Bentley (14 June 1907 – 14 August 1978) was a British author and illustrator famous for his humorous cartoon drawings in books and magazines in the 1930s and 1940s. He was born in Highgate the son of Edmund Clerihew Bentley (the inventor of the clerihewverse form); he was born with the name Nicholas but opted to change the spelling. He married Barbara Hastings (1908–1989), a writer of children’s books and the daughter of Sir Patrick Gardiner Hastings on 17 October 1934, and they had one child, Arabella in 1943.
Bentley was educated at University College School where he left at the age of 17, having decided that his academic abilities would not take him to university. He then enrolled at Heatherley’s School of Fine Art, a prestigious private college, but left after a few months. After leaving Heatherley’s, Bentley worked without pay as a clown in a circus; when this job ended he was a film extra, and during the General Strike of 1926 he worked on the London Underground.
It was at this time that Bentley sold his first drawing to his godfather, G. K. Chesterton. He had a commission to draw illustrations for a trade newspaper called Man and his clothes in 1928, and his first regular job as an illustrator was in the publicity department of Shell. Bentley worked for Shell for three years but disliked working in advertising. In 1930, Hilaire Belloc (who was a friend of his father) invited him to illustrate his book New Cautionary Tales. The good critical reception of this book and its illustrations allowed him to go freelance.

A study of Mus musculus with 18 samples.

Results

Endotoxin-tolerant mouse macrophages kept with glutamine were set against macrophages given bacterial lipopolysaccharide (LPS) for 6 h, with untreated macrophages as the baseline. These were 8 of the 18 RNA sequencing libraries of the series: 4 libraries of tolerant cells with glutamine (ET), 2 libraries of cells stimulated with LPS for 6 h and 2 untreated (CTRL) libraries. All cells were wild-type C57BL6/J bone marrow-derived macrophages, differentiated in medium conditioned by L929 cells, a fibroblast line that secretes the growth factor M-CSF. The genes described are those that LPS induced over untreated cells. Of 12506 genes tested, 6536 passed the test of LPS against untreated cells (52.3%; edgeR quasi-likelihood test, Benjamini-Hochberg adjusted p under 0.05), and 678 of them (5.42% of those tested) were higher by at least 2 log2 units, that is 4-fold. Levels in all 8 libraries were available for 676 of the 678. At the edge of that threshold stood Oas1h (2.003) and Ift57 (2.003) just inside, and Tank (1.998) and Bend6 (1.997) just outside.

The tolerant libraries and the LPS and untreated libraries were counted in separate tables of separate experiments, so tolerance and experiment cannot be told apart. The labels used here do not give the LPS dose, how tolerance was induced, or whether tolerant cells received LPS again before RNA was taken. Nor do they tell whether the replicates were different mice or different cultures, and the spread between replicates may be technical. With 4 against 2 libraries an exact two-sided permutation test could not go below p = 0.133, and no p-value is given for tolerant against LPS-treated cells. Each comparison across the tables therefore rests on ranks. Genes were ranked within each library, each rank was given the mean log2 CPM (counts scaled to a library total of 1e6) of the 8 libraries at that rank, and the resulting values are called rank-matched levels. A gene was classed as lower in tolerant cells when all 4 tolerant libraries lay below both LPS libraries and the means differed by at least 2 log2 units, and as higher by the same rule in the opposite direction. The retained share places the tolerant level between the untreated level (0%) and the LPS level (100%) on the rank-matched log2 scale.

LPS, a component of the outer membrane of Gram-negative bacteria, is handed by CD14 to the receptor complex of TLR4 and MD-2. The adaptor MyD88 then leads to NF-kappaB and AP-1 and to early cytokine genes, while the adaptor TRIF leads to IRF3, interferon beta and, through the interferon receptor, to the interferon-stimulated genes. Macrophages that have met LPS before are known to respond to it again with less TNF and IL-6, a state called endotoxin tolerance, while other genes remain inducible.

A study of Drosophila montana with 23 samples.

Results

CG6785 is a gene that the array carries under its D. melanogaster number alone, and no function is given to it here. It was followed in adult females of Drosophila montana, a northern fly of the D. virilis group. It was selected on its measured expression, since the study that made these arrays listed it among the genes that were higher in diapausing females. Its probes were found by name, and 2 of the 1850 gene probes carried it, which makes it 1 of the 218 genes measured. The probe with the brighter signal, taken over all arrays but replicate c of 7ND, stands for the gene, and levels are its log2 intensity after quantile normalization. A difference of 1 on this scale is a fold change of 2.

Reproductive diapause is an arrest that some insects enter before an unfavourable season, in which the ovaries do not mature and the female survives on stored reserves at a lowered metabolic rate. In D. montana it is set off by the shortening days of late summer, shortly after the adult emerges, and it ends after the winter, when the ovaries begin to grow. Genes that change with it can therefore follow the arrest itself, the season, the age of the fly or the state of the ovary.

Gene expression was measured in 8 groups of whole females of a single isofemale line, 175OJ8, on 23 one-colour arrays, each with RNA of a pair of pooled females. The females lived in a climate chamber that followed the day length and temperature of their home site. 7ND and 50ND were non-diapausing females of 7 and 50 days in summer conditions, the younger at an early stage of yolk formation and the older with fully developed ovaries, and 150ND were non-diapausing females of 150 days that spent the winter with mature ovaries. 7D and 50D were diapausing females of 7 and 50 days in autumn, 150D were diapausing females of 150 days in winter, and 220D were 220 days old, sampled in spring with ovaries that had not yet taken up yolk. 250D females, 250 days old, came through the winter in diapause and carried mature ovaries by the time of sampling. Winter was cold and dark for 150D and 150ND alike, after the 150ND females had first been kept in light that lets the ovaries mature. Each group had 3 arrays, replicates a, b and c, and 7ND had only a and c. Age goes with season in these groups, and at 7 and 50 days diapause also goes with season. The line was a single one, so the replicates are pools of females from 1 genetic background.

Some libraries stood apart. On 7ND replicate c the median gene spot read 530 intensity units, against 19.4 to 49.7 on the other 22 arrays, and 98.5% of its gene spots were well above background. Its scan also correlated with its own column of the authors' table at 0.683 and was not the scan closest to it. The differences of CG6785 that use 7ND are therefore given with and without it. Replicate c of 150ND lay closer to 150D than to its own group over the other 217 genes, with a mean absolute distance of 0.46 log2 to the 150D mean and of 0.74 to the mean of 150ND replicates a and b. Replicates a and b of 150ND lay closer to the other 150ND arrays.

During the 1930s Bentley illustrated works ranging from J. B. Morton to Damon Runyon. His most famous drawings were to illustrate T. S. Eliot‘s Old Possum’s Book of Practical Cats, but he illustrated more than 70 books in the course of a long career. He customarily used the byline “Nicolas Bentley drew the pictures”. His favourite illustration work was for his own books and he considered himself primarily an author. One of his best-known books, Ready Refusals, or, The White Liar’s Engagement Book gives a quotation for every day of the year drawn from a surprisingly wide range of sources together with an appropriate illustration. He also wrote and illustrated Golden Sovereigns – and some of lesser value – from Boadicea to Elizabeth II (1970), a humorous book about the English monarchy.
Bentley had enrolled as an auxiliary fireman in 1938 and served in the London Fire Brigade during World War II. He illustrated How to be an Alien (1946) by George Mikes. After the war he took a few regular cartooning jobs including on Time and Tide (1952–54) and drawing pocket cartoons for the Daily Mail from 1958. He gave this job up in 1962, complaining that it put too much strain on him. In later life he was the illustrator for Auberon Waugh‘s Diary in Private Eye and contributed other cartoons to the magazine. He moved to Downhead, near Shepton Mallet in Somerset. He died on 14 August 1978 in the Royal United Hospital, Bath, Somerset.
His autobiography, A Version of the Truth, was published in 1960. On his death, Auberon Waugh wrote in Private Eye: “Nick was a gentle, modest, humorous man, with none of the usual characteristics of the highly individual genius which inspired his quiet professionalism and supreme technical ability.”